Who’d be a time traveller in Elizabethan England?

The Time Traveller’s Guide to Elizabethan England is a fascinating BBC TV series (on YouTube).

Its premise is that if you were to visit this era, you’d need a visitor’s handbook because the 16th century is no place for 21st century softies like us.

Presenter Ian Mortimer spends much of his life shuffling through musty manuscripts, diaries, letters and drawings of the 16th century to describe what life was like for the poor and wealthy alike.

And it wasn’t  nice.

In fact, if the Elizabethan era were a corporation it would be Union Carbide or Halliburton because it looks like the only people who thrived in Elizabethan England were sociopaths.

Sociopaths are arrogant, hierarchical, vindictive, pathological liars who lack empathy — which describes the average citizen of Elizabethan England (and the rest of Europe for that matter) rather well.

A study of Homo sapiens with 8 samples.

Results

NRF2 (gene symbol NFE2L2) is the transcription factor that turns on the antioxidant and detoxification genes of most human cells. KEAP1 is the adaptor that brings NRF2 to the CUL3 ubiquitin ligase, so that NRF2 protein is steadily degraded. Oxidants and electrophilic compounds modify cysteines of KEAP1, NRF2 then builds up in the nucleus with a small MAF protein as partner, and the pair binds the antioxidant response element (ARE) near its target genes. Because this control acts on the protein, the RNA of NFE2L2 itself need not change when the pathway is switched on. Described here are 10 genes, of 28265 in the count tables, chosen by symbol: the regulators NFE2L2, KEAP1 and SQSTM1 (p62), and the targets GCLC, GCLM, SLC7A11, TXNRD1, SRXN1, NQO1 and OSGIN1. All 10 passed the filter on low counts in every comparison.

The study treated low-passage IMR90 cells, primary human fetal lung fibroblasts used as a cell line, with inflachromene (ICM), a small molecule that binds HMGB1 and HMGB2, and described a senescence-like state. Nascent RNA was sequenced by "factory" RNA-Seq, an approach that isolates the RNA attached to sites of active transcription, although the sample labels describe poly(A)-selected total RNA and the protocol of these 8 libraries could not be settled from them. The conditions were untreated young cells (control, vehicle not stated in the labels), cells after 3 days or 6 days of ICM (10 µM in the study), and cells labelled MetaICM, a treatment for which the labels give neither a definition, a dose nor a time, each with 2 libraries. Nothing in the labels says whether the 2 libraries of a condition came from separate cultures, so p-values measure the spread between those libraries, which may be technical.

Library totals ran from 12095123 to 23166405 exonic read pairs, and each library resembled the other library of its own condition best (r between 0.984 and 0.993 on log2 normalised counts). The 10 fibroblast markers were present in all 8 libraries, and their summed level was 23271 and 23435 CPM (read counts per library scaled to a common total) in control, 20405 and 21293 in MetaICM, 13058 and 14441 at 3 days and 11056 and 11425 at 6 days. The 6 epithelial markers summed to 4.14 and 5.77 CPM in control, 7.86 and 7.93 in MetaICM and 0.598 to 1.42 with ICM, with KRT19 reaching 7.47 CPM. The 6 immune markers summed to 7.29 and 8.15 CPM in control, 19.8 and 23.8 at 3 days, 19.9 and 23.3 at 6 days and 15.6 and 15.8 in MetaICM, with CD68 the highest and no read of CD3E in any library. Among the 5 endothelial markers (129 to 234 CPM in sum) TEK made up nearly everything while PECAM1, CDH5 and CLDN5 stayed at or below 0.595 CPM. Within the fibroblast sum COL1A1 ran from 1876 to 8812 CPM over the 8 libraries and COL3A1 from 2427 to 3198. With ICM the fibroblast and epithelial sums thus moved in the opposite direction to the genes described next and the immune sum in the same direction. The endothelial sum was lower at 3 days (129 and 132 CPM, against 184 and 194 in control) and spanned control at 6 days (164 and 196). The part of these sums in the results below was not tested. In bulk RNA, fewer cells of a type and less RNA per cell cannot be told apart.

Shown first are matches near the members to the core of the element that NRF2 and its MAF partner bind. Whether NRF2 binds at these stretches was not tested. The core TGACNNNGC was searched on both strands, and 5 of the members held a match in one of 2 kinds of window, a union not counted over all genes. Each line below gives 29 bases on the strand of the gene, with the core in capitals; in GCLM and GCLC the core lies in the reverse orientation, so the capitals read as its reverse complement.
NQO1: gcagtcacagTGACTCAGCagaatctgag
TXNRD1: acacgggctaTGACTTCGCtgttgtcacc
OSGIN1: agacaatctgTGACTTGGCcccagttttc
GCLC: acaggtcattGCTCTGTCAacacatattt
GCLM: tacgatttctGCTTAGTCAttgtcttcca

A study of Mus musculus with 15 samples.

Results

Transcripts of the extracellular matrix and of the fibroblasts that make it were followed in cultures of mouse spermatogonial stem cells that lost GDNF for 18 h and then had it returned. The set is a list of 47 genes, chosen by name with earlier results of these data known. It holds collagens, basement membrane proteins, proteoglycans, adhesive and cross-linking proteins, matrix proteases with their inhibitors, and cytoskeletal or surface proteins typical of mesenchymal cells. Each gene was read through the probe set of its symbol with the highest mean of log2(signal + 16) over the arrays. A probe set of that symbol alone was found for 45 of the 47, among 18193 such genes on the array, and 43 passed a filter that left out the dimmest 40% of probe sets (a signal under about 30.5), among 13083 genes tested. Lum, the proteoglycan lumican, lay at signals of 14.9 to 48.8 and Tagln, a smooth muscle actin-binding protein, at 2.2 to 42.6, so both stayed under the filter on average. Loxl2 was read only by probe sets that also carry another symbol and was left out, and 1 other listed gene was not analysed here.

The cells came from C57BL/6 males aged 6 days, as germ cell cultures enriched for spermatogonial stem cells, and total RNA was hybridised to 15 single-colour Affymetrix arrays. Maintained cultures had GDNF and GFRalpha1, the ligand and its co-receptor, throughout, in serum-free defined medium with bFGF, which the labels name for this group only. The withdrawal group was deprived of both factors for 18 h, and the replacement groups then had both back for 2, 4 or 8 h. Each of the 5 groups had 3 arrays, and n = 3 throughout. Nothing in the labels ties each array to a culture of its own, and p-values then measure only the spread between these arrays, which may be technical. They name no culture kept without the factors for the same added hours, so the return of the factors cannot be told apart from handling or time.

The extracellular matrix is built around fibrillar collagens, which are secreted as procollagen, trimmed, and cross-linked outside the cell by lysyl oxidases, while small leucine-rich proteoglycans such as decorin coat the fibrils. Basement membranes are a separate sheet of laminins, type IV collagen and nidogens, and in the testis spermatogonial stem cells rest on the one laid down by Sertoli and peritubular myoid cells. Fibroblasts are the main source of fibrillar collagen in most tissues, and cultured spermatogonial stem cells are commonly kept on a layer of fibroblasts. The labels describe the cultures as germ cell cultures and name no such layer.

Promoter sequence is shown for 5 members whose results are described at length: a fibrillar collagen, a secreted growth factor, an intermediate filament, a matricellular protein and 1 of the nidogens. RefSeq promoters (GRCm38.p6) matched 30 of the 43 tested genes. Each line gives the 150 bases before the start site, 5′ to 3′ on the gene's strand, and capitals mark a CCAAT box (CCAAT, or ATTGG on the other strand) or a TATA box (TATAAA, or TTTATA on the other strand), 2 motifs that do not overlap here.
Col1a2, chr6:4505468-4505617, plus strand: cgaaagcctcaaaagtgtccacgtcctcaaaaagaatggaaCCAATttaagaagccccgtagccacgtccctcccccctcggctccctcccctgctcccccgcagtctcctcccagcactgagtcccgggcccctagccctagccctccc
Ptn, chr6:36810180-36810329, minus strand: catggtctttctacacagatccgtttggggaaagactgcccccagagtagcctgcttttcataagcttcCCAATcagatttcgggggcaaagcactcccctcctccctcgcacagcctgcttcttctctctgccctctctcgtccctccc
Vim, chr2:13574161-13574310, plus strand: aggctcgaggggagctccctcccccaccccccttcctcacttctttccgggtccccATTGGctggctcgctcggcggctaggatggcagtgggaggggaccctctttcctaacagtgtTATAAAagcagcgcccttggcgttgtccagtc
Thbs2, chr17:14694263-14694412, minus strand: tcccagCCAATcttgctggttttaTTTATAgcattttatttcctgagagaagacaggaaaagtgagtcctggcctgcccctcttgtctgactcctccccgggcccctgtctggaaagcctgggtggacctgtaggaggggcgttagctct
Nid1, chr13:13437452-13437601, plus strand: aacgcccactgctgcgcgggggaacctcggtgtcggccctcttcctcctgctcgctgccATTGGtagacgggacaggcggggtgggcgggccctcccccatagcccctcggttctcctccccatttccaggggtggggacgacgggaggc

By modern standards, the Elizabethans were incredibly cruel.

They were cruel to animals, children, the poor and the sick and they were especially cruel to Catholics and Protestants (depending on which religion was illegal at any given moment) by torturing or burning them at the stake.

In addition, Elizabethans contended with plagues, death in childbirth, starvation and the whims of a randy lord who could rape his servants at will.

It’s no wonder you’d need a handbook to get through the day or even why you’d visit at all. Except, of course, this is also the era where Elizabeth the 1st, William Shakespeare and Sir Francis Drake resided and they would indeed be fascinating company.

So, if you’re  looking for a hard-core time travelling experience then consider Elizabethan England.

If you want to relax, however, a gulag’s a better option.



About the author

Sue Bell is an entertainment writer and author of Backpacked: A mostly true story, Beat Street and When Dreamworks came to Stanley.